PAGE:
My dad had a heart attack last week.
If you're going to have a heart attack, it's best to have it in Oak Bay, where you're just a 3-iron shot away from Royal Jubilee Hospital -- one of the best ticker wards in the country. In fact, it was because of mom's heart attack in 1988 -- which happened while they were house-sitting for a friend in Esquimalt -- that they made the decision to sell their condo in West Vancouver and buy a place in Oak Bay. But that's another story.
Dad had a "significant" heart attack, and it reached the point last Wednesday where the medical team -- three earnest young doctors and a cardiologist -- discussed the situation with dad, Amelia, me and dad's neighbour Gail, and told us flat-out that there was a very real possibility that dad could take a bad turn. Noting the "do not resuscitate" instruction on his Living Will, they wanted to confirm that that was, indeed, dad's wish. It was.
Today, I've been informed that dad would likely be released from hospital in about a week and allowed to go home. On Monday, the nurse told us that his signs were definitely improving: his heart rate was stabilizing (although he'd had an irregular rhythm during the night, so they added a blood thinner to his medication); his blood pressure, while still on the low side, was climbing again; his kidneys, which had been failing, were making a comeback. There was definite cause for optimism on our part, and the fact that he was being moved out of Coronary Care into a "general" ward suggests the doctors think so, too.
Through it all, people have been praying. My circle of friends is very steeped in faith -- the faith for healing and also the faith that leads one to seek God in all circumstances, regardless of whether they "look good" at the time or not. My son Aidan, for example, is very much a word-faith type: speak the positive and expect the positive -- your words frame your world. On Wednesday, after the medical team had given us The Talk, Aidan declared confidently, "it's not his time yet".
Back in Vancouver from spending time with dad in Victoria, I spent time with the Lord. I felt I had to pray something, but what? Really: what do you pray when an 87-year-old man has a heart attack? If you believe we're generally allotted 70 years, anything beyond that is gravy and grace, so what if this is his time? Do I pray for healing and complete recovery and basically set myself against God's will? I'm praying for my will, but that's not what we're supposed to be praying for.
Aha! I thought: dad's worst fear is that he won't be able to go home again (while in hospital, he's talked of little besides going home and being in his garden and tending to his bees) and that he'll have to go into a "home" -- or should I say, retirement centre for seniors with healthy, active lifestyles?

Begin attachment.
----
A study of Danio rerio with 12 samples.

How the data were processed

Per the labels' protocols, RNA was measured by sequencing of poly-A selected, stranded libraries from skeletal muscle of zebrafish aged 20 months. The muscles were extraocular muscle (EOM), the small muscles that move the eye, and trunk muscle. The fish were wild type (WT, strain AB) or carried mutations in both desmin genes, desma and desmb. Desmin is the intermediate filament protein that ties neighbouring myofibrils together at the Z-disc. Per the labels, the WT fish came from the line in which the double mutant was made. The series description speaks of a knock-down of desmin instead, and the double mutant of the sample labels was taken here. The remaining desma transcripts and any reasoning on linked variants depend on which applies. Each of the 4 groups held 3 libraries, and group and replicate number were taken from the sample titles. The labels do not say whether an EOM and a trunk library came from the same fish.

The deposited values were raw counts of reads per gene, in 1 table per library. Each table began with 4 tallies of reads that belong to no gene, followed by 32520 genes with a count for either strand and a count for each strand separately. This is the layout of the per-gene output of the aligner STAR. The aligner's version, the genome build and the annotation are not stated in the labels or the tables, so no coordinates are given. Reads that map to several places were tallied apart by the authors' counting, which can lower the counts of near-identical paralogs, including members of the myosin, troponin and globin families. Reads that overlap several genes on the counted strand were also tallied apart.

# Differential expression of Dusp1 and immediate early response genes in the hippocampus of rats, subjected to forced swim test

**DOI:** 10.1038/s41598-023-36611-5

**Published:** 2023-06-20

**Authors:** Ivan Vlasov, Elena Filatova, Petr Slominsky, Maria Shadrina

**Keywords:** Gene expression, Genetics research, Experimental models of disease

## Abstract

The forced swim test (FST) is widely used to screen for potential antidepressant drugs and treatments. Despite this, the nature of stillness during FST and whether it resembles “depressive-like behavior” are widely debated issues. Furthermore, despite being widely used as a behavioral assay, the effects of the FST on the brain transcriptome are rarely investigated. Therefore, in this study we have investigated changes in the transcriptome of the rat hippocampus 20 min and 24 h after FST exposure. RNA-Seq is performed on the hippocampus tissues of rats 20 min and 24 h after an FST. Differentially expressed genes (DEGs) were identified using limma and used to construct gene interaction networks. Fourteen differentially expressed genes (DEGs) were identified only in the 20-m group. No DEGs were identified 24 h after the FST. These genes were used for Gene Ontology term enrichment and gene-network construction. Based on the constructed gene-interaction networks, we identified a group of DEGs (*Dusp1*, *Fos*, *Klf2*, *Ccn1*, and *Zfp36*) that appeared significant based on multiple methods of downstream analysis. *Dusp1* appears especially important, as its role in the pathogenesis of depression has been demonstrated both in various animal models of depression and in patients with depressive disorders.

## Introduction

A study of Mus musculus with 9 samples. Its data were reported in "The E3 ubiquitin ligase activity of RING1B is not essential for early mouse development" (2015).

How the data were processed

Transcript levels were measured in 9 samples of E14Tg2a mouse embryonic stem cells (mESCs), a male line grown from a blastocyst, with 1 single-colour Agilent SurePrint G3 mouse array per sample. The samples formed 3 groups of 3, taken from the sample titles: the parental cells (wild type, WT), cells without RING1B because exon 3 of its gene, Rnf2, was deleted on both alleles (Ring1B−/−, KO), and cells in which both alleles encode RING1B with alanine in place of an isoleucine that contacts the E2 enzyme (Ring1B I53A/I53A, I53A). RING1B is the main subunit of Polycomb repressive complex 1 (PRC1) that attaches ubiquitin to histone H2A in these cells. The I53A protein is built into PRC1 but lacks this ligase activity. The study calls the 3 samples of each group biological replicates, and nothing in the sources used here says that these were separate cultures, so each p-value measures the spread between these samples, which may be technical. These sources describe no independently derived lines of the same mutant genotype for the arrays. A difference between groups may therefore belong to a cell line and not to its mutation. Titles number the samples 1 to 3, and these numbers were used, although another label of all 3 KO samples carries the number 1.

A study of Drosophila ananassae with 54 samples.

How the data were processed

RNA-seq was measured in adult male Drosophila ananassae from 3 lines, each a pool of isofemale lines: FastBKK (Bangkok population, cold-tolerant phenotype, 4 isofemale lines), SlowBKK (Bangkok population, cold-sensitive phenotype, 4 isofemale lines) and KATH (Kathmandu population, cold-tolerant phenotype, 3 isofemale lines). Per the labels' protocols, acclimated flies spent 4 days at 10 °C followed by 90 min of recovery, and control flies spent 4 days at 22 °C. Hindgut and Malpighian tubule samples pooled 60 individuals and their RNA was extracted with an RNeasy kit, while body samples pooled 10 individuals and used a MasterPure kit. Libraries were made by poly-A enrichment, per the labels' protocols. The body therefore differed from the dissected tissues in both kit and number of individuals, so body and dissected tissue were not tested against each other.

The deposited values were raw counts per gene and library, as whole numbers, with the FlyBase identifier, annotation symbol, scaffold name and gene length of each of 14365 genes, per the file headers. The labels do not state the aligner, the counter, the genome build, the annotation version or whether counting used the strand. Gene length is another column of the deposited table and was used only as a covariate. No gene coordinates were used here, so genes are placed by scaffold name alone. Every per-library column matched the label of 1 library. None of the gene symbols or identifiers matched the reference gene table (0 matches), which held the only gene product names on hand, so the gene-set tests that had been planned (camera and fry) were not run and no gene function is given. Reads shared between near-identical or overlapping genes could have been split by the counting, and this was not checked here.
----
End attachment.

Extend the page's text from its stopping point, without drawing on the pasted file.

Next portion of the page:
Right: I'll pray for that. After all, dad's been so fiercely independent all his life, that going into a "home" would kill him -- pun intended. And that's where the Lord stepped in. "How do you know that's not My will?" And then He left me to think it over.
Why would it be God's will for dad to go into a retirement home? Perhaps to give him the chance to allow others to care for him. Perhaps to let him know that fierce independence is highly over-rated -- and leads to broken hips and nervous neighbours (and family members). Perhaps to let him know that it's Quite All Right to rely on others.
Or maybe God has something else up His sleeve. I got to thinking about Hezekiah, whose near-death experience is written up no fewer than three times in the Bible: 2 Kings 20, 2 Chronicles 32 and Isaiah 38-39 (which tells me there's a pretty significant "take-away" here). Having heard a prophecy that he was about to die, Hezekiah prayed that he would go on living; God heard his prayer and gave him another 15 years.
But Scripture also tells us that Hezekiah did not "render according to the benefits he received" and that God's anger came on him. Moreover, in his pride, Hezekiah showed off his worldly goods and treasures to total strangers from Babylon, and Isaiah prophesied that all of those goods would be carried off to -- where else? -- Babylon.
So somewhere along the line, Hezekiah blew it. He had been walking according to God's ways, and spoke of that in his prayer to live longer. But once granted that prayer, his "heart was lifted up" (2 Chr. 32:25), which is an expression meaning he was overtaken by pride, and he did not do ..... something in keeping with the Grace God had shown him.
What Hezekiah was supposed to do isn't clear, but we can see that God was keeping Hezekiah around for a reason, and that reason was not because He liked Hezekiah's face.
God has His reasons for keeping us all around and for the Grace He grants us in other ways. Do we render according to that benefit, or do we, like Hezekiah, become prideful and take our eyes off Him?
This evening, as I was walking in the West End, I saw a young woman nearly buy the farm before my eyes. She was engrossed in a conversation on her cell phone, and stepped off the curb right into the path of a car. Perhaps the car was further away than it appeared from my angle, but it certainly looked close. The car stopped and she continued crossing, hardly missing a beat in her phone call.
Does she have any inkling, I wonder, of the grace she had just been given? Or would she simply think -- if she thought about it at all -- that she was "lucky", and keep on with whatever she had been doing? God grants us grace of additional years more often than we might think. Do we take advantage of that grace to serve Him better?
So what prayer for an 87-year-old man? That he would receive the grace of additional years of life and then, having received that, seek the Lord for the reasons why he should get that grace and pursue them.